Northampton Press

Thursday, February 27, 2020

NASD receives $100,000 windfall

Thursday, October 11, 2012 by PAUL WILLISTEIN pwillistein@tnonline.com in Local News

Parents' seminar on sports injuries, bullying set

The Northampton Area School District is receiving a $100,000-plus windfall, thanks to the thriftiness of the Bethlehem Area Vocational-Technical School.

NASD will be reimbursed $108,640 as part of a distribution of excess BAVTS funds for the fiscal year ending June 30, school board President David Gogel announced at the Oct. 8 meeting.

The BAVTS $400,000 disbursement, approved at its Oct. 2 meeting, also includes $254,840 for Bethlehem Area School District and $36,520 for Saucon Valley School District.

The amounts are prorated for the three school districts based on the amount of funding from each.

BAVTS revenues in excess of the general fund for fiscal year 2011-12 were $1,039,332.13. BAVTS transferred $639,332.13 to the Capital Project Fund and earmarked it for energy-saving renovations at the annex building.


As part of NASD's sports medicine services agreement with St. Luke's Physician Group Inc., Dr. Matthew Martinez will speak about "Sudden Cardiac Arrest" and Dr. Kevin Waninger will present a seminar entitled "Concussion." Steven Kachmar will speak about "Bullying and Your Child."

The Sudden Cardiac Arrest Prevention Act was passed by the state legislature and signed into law May 30 by state Gov. Tom Corbett. The law went into effect for the 2012-13 school year.

The Safety in Youth Sports Act was signed into law in November 2011 by Corbett and went into effect July 1.

The laws mandate that school officials provide information about sudden cardiac arrest and concussions to parents of student athletes. A parent or guardian must sign and return a form to school officials before participating in sports.

During a discussion at the Oct. 8 meeting, school board member Dr. Michael Baird asked how NASD will respond to new Pennsylvania Department of Education sports equality reporting.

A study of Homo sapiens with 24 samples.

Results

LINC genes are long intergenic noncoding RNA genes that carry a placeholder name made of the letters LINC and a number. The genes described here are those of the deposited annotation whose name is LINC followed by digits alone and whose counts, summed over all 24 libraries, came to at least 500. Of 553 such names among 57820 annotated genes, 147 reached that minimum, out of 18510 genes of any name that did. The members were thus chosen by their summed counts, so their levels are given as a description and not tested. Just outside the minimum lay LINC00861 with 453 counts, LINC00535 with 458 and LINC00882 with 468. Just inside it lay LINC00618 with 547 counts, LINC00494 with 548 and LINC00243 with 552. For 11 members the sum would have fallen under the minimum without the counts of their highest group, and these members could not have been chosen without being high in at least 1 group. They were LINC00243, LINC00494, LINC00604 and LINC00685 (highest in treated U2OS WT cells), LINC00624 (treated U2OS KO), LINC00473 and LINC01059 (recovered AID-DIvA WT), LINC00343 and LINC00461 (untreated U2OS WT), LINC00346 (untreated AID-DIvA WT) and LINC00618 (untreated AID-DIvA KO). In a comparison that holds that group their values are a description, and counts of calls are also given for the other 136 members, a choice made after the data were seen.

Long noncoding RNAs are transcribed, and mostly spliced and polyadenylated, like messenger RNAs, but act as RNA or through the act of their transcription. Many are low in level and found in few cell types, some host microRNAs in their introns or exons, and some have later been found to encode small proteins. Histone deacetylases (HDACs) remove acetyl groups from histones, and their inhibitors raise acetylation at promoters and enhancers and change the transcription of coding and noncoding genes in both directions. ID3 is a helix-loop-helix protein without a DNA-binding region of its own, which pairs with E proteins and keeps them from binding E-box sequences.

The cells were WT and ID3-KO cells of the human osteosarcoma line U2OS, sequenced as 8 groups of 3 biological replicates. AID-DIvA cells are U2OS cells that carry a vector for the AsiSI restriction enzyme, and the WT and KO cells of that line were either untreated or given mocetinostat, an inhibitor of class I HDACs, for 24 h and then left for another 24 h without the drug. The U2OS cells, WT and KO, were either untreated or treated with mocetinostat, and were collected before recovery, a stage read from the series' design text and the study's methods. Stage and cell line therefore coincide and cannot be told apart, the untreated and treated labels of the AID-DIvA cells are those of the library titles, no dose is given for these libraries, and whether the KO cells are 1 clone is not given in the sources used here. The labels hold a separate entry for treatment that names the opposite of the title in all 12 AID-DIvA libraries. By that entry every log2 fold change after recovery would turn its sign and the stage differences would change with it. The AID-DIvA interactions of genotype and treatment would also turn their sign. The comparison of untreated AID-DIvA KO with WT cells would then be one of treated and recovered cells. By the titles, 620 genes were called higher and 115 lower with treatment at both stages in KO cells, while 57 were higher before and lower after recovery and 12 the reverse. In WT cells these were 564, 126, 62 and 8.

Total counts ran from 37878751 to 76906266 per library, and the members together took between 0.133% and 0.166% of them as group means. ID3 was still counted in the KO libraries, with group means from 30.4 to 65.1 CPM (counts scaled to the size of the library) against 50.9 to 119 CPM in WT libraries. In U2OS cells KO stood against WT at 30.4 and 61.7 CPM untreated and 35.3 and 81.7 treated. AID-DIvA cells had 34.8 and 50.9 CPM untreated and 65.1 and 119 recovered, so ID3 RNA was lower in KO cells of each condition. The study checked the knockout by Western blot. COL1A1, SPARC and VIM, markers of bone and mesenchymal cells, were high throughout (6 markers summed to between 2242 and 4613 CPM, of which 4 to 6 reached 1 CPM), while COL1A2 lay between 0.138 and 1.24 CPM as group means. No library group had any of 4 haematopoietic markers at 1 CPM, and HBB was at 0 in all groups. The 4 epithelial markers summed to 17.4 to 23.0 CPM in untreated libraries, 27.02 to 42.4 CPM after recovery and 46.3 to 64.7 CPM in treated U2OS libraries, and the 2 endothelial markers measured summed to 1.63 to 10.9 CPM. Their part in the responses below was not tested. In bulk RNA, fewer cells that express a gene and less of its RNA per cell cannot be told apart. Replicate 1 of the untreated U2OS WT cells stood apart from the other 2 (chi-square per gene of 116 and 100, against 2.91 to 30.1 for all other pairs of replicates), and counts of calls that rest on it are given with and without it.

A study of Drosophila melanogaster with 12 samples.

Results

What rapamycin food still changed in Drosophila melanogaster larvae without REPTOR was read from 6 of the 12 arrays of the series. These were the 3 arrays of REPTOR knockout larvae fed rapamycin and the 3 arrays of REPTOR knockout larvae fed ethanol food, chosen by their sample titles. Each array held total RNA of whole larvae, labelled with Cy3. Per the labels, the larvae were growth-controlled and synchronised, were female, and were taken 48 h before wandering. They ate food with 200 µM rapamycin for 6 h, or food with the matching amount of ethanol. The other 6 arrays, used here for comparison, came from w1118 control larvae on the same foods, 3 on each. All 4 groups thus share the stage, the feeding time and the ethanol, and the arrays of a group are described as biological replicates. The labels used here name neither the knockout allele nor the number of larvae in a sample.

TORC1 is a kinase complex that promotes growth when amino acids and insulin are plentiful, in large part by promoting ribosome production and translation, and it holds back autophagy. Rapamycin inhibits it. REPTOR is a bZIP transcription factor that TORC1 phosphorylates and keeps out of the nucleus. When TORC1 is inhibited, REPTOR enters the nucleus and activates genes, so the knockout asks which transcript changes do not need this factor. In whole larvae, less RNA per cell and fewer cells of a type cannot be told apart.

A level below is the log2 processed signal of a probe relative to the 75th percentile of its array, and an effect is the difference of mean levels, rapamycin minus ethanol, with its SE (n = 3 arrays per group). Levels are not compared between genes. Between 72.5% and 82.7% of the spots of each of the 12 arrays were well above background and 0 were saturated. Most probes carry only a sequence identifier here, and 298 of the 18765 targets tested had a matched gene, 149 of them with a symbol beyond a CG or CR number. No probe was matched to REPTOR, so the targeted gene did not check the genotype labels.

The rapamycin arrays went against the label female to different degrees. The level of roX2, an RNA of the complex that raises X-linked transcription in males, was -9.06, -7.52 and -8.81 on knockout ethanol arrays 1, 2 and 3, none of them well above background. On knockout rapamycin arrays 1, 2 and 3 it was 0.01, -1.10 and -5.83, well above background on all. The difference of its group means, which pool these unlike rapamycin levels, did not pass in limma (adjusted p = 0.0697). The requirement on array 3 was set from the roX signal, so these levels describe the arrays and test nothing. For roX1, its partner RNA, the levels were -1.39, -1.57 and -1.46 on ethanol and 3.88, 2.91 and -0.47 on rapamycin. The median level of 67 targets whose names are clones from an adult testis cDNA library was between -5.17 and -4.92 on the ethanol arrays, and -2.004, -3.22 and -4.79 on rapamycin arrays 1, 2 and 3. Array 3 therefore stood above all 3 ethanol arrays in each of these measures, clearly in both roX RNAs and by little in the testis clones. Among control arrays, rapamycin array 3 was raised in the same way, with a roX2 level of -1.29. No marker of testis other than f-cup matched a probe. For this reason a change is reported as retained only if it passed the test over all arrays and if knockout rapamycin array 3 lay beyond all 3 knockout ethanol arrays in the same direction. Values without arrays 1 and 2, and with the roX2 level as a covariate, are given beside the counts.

In the year of the 30th anniversary of Title IX, which bans sex discrimination whether in sports or academics, new reporting requirements are being implemented.

The same opportunities and funding must be provided to a women's sport if there is an equivalent men's sport. For instance, if a field for boys soccer is provided, then an equivalent field for girls soccer must be provided.

"Whatever you do for the boys, you have to do for the girls," district Superintendent Joseph Kovalchik told The Press after Monday night's meeting.

Kovalchik said he has discussed the topic with NASD Athletic Director Todd Bowser.

State regulations may also impact fundraising by school booster clubs and also possibly the chartering of booster clubs.

The United States Department of Justice sets forth Title IX rules and enforcement.

NASD officials have said the district lacks sufficient student sports fields. The situation is expected to improve when new fields are added on the site of the Northampton Area Middle School, after it is demolished.

Representatives of KCBA, middle school project architect, and D'Huy Engineering, project engineer, said there was nothing new to report at Monday night's meeting.

At the meeting, Ben Longacre, a representative of NAHS Student Council, presented a report on his summer trip to Japan under the auspices of the Japan America Watershed Stewardship Project.

"It was the best four weeks of my life so far," Longacre said.